Network Operations Center (NOC)
UEN Security Office
Technical Services Support Center (TSSC)
Eccles Broadcast Center
101 Wasatch Drive
Salt Lake City, UT 84112
(801) 585-6105 (fax)
Main Curriculum Tie:
Background For Teachers:
The wind carries only fine particles, but the force of flowing water can move much larger fragments. The faster the water flows, the larger the fragments it can carry. Water from rainfall or melting snow runs downhill, taking particles of rock and soil with it. Rocks carried along by water are gradually reduced in size and become smooth and rounded as they bounce along a riverbed or against each other.
Most of the power of wind, water, and ice that strip away rocks comes from the abrasive effect of the rock fragments they carry. In deserts, windblown sand scours rock surfaces into fantastic honeycomb shapes. Rocks carried by a river current widen the river by knocking out more material along the way. Along shorelines, the tides grind sand and pebbles against rock surfaces.
Natural erosion tends to happen very slowly. Humans speed up the process tremendously by altering the environment. When forests are cut down leaving exposed soil, erosion may be devastating. Overgrazing by animal herds and unsound farming practices also accelerate the process of erosion.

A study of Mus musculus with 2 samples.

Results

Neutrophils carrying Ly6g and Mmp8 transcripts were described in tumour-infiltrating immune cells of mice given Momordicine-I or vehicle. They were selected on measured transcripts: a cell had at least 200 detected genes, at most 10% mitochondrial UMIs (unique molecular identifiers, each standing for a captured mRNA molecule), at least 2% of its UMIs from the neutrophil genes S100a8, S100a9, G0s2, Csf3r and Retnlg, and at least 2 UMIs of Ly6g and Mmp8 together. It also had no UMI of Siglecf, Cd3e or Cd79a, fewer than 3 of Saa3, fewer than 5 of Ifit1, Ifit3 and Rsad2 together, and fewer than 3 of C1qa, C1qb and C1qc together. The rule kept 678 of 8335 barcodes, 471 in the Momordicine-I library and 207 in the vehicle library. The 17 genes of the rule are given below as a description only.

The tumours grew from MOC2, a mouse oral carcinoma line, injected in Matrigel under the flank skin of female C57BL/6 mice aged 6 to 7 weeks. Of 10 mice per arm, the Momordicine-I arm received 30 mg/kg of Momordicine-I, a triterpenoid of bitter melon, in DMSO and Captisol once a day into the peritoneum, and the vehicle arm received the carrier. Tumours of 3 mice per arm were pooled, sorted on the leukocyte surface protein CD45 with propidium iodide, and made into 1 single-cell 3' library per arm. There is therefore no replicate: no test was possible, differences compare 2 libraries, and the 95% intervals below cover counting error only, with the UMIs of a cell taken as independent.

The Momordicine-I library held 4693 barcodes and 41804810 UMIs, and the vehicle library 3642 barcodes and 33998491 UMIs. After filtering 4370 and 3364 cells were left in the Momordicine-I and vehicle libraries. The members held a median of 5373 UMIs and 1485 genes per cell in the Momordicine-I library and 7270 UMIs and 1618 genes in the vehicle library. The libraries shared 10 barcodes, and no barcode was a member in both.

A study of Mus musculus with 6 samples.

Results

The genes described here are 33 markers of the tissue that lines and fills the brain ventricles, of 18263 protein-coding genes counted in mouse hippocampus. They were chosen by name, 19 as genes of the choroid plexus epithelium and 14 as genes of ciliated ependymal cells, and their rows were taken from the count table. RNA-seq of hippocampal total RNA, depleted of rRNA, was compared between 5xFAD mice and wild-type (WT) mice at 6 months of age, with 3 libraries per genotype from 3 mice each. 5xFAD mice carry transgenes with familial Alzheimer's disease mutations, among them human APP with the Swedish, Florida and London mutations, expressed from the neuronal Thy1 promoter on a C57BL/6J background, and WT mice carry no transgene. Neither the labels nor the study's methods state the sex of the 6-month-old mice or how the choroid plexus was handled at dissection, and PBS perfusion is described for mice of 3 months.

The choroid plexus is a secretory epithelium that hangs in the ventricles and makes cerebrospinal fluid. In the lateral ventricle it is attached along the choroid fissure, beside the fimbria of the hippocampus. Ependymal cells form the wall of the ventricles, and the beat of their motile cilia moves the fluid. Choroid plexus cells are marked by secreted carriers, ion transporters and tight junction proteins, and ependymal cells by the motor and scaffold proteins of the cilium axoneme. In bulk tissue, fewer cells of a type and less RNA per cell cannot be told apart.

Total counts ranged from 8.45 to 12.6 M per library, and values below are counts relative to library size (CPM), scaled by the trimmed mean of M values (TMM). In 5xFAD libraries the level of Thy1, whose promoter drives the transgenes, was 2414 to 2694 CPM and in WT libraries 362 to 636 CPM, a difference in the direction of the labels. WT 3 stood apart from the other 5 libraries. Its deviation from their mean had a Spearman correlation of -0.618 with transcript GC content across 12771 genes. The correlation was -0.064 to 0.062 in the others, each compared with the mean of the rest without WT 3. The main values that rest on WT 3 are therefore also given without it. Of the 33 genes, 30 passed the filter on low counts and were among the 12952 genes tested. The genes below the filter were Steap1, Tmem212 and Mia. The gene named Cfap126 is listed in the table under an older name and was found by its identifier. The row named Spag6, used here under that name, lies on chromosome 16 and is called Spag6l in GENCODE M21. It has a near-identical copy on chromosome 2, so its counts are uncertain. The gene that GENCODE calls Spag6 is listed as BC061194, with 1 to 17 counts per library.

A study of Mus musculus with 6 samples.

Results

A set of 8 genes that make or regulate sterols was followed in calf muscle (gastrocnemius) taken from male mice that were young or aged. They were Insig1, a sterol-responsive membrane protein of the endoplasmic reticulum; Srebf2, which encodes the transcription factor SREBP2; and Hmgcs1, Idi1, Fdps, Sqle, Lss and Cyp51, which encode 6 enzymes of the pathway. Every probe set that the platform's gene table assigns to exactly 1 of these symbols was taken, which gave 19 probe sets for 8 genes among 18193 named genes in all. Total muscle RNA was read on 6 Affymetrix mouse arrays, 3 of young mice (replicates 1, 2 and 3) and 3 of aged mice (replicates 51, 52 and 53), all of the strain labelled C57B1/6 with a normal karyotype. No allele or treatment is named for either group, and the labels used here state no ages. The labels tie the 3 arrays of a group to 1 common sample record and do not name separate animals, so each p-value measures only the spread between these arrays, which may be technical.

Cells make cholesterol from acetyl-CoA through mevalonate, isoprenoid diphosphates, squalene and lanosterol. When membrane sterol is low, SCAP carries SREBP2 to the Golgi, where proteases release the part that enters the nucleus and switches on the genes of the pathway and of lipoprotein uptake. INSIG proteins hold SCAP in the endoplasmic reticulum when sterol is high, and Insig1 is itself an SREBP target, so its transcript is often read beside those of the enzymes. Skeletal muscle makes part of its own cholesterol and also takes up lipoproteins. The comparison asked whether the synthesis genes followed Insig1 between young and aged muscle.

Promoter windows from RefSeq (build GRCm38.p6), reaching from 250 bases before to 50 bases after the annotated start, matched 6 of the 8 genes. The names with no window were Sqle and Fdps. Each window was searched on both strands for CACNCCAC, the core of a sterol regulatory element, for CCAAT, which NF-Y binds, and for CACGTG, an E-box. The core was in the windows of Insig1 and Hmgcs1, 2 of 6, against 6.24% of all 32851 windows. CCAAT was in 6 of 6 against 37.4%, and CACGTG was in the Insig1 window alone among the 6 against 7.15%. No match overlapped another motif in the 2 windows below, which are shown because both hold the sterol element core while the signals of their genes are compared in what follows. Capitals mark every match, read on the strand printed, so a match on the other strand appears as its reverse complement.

Intended Learning Outcomes:
Invite the students to think of times when it has been so windy that the air has been filled with dust. Where did that dust come from? Where does it go? Ask if they have walked along the Jordan River. Have they noticed what the water does to the bank? Where does the soil go that falls into the water?
Activity 1 - Modeling erosion
Activity 2 - Discovering erosion
Homework & Family Connections
Find examples of erosion around the yard. Make a plan outlining how to stop the erosion (put in plants, arrange rocks, etc.).
Journal entry: How did the dust bowls in Utah affect the economy? Can that kind of erosion be prevented? Explain.